Happy Tails: Caring Prosecutor, Community Shut Down Puppy MillPosted on November 28, 2006
Hundreds of dogs rescued from a puppy mill near Nashville, Tennessee, last fall are now finding permanent, loving homes, thanks to a joint effort and some extra work by the county prosecutor. In October, more than 100 Sumner Country authorities, veterinarians, and volunteers from the local humane society arrived at the property of breeder Irene Meuser. They found 36 cats and hundreds of small dogs, including Chihuahuas, poodles, Shih Tzus, papillons, and Pomeranians living in squalid conditions.
Many of the dogs were cramped together into cages so small they could not stand, and some had no food or water. The smell of urine and feces was so overwhelming that rescue workers donned ventilator masks. Dr. Bryan Bondurant, a local vet who had just moved his practice to a newer facility, made his old clinic available, giving rescuers an ideal location to bring the animals. Sadly, some dogs were so sick they had to be euthanized.
It is not uncommon for hoarding cases like this one to drag on for well over a year as owners battle with the courts to keep their animals and contest the charges. This means animals have a long wait before they can be adopted by caring members of the community. But thanks to the compassion and hard work of Sumner County Assistant District Attorney William Lamberth, this case was over in just four business days.
“This case was really exceptional,” says ALDF’s Leighann McCollum, who co-managed the shelter and was the shelter director for the infamous Woodley hoarding case in 2005. “Mr. Lamberth did an outstanding job on behalf of these animals, who are now learning what it’s like to play, sleep in comfort, and get nutritious meals.” Thanks to the dedication of veterinarians, all the animals were sterilized, except for a few who went to foster homes because they are new moms, pregnant, or too frail to withstand the surgery. Nutro Foods, meanwhile, donated 4,000 pounds of dog and cat food.
Almost all of the dogs on Meuser’s property were suffering from illness or injury, including parvo, respiratory diseases, bone injuries, and broken teeth.
“They were in buildings that were not heated in the winter or cooled in the summer,” says Tim Anschuetz, Sumner County Animal Control resource officer and head of the investigation authorities dubbed “Operation Animal Hope.” “We knew we needed to get them out of that environment. It was very important in light of the fact that cold weather is coming on.”
The Sumner County Sheriff’s Department charged Meuser, 69, with six counts of animal cruelty. She pleaded guilty to four of the charges; the additional two counts were dropped, in a plea deal by which Meuser agreed to a lifetime ban on breeding cats and dogs for sale. The court ordered her to pay the nearly $800 in fines and court costs and placed her on a two-year probation, during which random searches can be made of Meuser’s property, and any violations of the probation terms can result in jail time and additional fines. Although the penalties and probation period may seem short, the animals are now safe and Meuser will never be able to operate another puppy mill – a condition that may not have been possible without this settlement.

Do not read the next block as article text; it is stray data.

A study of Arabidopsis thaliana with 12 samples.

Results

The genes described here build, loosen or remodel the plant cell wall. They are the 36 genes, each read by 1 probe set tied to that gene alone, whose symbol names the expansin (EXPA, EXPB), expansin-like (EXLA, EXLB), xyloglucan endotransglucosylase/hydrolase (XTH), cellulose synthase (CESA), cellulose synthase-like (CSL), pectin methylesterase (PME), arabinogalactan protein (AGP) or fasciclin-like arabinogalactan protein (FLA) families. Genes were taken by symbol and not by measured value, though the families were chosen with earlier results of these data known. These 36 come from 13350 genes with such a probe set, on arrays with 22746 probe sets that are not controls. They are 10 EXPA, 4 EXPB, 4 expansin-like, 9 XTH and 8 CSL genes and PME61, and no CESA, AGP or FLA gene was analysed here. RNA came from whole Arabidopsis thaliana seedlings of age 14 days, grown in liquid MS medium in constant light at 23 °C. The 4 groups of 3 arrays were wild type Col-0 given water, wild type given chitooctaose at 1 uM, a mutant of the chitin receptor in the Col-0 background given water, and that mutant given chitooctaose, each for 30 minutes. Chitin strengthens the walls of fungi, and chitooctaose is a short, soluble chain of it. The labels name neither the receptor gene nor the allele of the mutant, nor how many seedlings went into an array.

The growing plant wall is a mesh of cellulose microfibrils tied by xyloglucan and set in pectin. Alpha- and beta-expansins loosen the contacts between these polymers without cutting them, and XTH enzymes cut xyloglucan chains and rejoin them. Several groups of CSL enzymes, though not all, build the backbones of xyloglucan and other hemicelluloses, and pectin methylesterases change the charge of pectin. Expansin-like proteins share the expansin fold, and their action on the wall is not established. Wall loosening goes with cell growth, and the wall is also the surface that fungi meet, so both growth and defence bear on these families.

Major Don Linzy of the Sumner County Sheriff’s Department is full of praise for how the entire community has made this rescue a success. “That’s really the best thing,” he says. “Everyone who worked on this, the vets and other volunteers, put in hours and hours. There’s no way we could handle this on our own. Taking care of 300 dogs is more difficult than taking care of 600 prisoners!”
Dana Campbell, managing senior attorney of ALDF’s Criminal Justice Program, spoke with the prosecutor, who stressed the importance of getting the dogs placed as quickly as possible into good homes. Lamberth said more than a thousand people have inquired about adopting the rescued animals, and they have raised $30,000 through adoption fees – money that will help fund future rescues. He also asked about legislation that would require hoarders to post a bond to cover the costs of animal care from the time animals are seized until after trial. “Mr. Lamberth said he knew that if he turned to ALDF, we would be able to assist with model language for a bill introducing a cost-of-care bond procedure,” she says. These laws require that defendants who are accused of abusing animals pay a bond that gives financial support to the agencies caring for the animals. “We’ll also provide some research listing which other states have such a law already and make some other recommendations.”
Thanks to the caring and dedication of many people, a puppy mill is out of business and hundreds of animals now have real homes.